Yesterday my principles and my pragmatism came face to face. Actually toe to toe as they eyed each other in my head deciding who was going to throw the first punch. The mental bout went the full 10 rounds and, in the end, in blue corner, Parker “the Principled” Pugalist won the day.
While all these cerebral fisticuffs seemed to last an eternity to me, they were but a hesitation noticed by the nice man from the auto-body repair shop. He was going through the contract that gave him permission to bill my insurance after my wife’s car had been rear-ended on Independence Day. He noted the damage, the estimate, my responsibility to take home personal effects, that he would be responsible for any further damage his workers might do accidentally but …
… and that is where time began to slow down, that simple word that usually precedes something contentious …
… but he would not be responsible for “acts of God.”
I had been reading ahead of him. My head had already filled the ringside seats, the referee had explained the rules, the boxers were glistening and transfixed on one another. And at the word “God” all I heard was “ding, ding, round 1, box!”
Thirty minutes later (in my head) and a breath and a heartbeat or two (in the auto-body shop) later I said (from the blue corner) “There are no ‘Acts of God.'”
He hesitated. He started to say something but no sound came. Then he stood up, we were both leaning over the counter reading the contract, and he said, inspiration flooding to him now, “A sinkhole. What if a sinkhole swallows the workshop?”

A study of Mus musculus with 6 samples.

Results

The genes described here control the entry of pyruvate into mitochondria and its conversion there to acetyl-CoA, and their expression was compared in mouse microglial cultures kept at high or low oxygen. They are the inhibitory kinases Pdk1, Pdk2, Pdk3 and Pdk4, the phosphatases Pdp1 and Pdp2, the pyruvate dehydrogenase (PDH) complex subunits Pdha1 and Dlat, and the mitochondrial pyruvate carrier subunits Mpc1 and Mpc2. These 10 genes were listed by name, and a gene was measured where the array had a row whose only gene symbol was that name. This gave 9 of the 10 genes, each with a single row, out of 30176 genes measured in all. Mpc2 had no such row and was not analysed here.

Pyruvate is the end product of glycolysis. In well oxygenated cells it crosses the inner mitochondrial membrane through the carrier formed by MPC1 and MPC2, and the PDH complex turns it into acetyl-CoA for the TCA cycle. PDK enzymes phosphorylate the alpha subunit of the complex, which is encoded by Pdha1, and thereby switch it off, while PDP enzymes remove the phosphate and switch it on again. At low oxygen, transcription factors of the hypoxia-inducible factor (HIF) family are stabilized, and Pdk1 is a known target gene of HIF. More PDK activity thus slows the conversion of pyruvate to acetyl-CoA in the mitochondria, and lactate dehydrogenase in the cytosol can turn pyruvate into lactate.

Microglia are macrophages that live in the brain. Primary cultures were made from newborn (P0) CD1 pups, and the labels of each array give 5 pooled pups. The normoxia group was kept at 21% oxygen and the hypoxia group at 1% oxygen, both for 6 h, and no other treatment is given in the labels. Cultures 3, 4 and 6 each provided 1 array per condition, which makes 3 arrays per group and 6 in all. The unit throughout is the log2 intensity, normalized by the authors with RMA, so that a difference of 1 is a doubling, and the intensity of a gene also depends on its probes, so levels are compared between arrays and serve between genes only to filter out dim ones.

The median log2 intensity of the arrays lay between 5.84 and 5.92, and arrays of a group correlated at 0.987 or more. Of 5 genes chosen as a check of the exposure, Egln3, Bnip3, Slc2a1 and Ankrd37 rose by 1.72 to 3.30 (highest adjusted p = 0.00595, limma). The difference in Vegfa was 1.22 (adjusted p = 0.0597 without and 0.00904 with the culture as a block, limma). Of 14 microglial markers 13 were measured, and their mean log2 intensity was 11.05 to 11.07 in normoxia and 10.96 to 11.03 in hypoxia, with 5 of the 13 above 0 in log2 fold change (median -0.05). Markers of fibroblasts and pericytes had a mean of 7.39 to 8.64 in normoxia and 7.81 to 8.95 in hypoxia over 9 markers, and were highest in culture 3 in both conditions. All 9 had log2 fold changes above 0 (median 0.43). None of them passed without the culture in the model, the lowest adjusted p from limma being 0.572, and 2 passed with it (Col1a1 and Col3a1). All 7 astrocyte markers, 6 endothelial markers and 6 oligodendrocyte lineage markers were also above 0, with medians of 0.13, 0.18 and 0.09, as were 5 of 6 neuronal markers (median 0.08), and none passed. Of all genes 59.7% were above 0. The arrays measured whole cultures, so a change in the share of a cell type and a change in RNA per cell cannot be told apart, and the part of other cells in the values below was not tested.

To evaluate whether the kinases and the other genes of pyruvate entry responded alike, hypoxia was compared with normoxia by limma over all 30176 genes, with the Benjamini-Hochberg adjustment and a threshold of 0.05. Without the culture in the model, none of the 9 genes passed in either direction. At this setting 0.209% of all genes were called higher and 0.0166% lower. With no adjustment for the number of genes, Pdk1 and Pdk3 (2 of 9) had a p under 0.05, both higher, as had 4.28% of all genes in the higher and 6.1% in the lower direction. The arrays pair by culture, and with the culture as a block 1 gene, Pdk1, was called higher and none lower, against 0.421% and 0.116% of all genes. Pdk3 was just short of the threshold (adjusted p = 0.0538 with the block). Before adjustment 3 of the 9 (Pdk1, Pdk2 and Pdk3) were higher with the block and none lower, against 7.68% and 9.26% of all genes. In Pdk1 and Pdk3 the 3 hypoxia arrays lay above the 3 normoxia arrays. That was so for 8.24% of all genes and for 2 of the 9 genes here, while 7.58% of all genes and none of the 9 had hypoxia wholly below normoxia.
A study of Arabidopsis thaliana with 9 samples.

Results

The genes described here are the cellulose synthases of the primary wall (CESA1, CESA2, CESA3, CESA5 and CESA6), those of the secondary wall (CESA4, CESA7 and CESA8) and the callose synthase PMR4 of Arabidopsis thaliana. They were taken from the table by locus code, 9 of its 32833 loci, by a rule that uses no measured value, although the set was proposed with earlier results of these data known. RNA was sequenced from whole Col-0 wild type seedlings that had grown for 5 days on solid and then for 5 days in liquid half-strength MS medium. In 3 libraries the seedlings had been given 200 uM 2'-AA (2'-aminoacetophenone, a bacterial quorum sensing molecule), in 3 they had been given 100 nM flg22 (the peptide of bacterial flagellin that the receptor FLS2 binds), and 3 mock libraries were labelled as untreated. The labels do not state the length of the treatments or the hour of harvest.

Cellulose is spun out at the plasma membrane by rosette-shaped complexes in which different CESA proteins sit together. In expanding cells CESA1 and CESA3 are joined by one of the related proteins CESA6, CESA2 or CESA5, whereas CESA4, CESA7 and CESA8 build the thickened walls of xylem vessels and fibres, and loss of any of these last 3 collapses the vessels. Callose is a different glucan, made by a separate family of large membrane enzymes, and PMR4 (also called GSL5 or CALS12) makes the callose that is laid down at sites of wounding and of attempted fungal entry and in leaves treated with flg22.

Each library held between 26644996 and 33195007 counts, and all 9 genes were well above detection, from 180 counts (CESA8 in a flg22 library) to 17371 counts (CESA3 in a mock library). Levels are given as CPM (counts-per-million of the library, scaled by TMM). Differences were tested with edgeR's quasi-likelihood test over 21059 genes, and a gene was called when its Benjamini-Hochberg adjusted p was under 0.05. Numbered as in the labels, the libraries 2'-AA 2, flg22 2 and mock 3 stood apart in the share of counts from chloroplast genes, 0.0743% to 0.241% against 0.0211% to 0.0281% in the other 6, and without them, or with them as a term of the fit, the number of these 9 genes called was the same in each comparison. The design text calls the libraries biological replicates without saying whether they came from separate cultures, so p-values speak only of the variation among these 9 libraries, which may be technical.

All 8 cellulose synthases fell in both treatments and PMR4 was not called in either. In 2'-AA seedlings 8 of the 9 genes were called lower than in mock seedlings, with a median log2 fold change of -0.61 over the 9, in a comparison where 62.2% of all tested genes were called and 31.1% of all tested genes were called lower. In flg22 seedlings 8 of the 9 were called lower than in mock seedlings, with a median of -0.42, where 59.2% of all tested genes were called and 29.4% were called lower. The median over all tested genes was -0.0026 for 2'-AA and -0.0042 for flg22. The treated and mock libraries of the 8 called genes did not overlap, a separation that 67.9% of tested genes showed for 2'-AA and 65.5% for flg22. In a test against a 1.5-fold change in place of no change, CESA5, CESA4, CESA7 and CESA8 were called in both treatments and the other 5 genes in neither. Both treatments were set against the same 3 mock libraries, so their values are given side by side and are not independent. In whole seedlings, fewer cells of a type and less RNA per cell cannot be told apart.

I won’t prolong the agony here. The point is, in this day and age, why do we still have anachronistic terms in our contracts? Why do they say things like “male gender terms are used throughout but apply to both male and female”, and why only two genders. Why do we insist on putting Mr before Mrs? I insist it goes the other way as my wife’s name is alphabetically before mine.
Whereas, heretofore and whereby sound like breeds of cattle. The party of the first part must be a weeklong rave. Don’t define the meaning of words other than the meaning they have “some shall mean all and all shall mean some” use the right word. Oh, and, prohibere usura contactus in Latin, please.
Come on my attorney friends, let’s get with the 21st century and write language that reflects the modern world and do so in modern idiom and do it without resorting to the deities. Yes you’re going to have to work harder but you have spell checkers, grammar checkers, word processors and cut-and-paste. Put down your quills and type.
What phrase would you use instead? “Acts of Nature” could work, except it implies will. Did “Nature” intend to open that sinkhole? “Random freakish accidents” might be too vague for a legal document. If a worker in the shop suddenly had a seizure and cut a brake line, the shop could use the “freakish accident” defense to claim they aren’t responsible for fixing the brakes. Do you have a suggestion?
I’ve seen “force majeure” used but that’s French. “Unforeseeable circumstances” does cover it. “Unknowable instability in the local geology” fits this but not “lightening strike” which my auto-body friend also mentioned. This is truly work for the attorneys though.
In the UK car crashes used to be called RTAs, road traffic accidents, now they are called RTCs, road traffic collisions, because there are no accidents. I believe the NTSB and the FAA both now favor incident over accident too.
Newton’s laws, while relatively discredited, apply. Things stay put or they keep going until someone changes that. How heavy and how fast are directly proportional to how big the mess is. You push something, it pushes back.
The weight of the workshop and the vehicles in it on top of the old Redwood Creek that was paved over in the 1880’s is a sinkhole waiting to happen. And it is someone’s fault. The original builder for not foreseeing this. The city geologist for not inspecting the creek regularly. The shop owner for overloading the shop with too many heavy cars. It’s action and reaction. It is not the capricious behavior of a deity.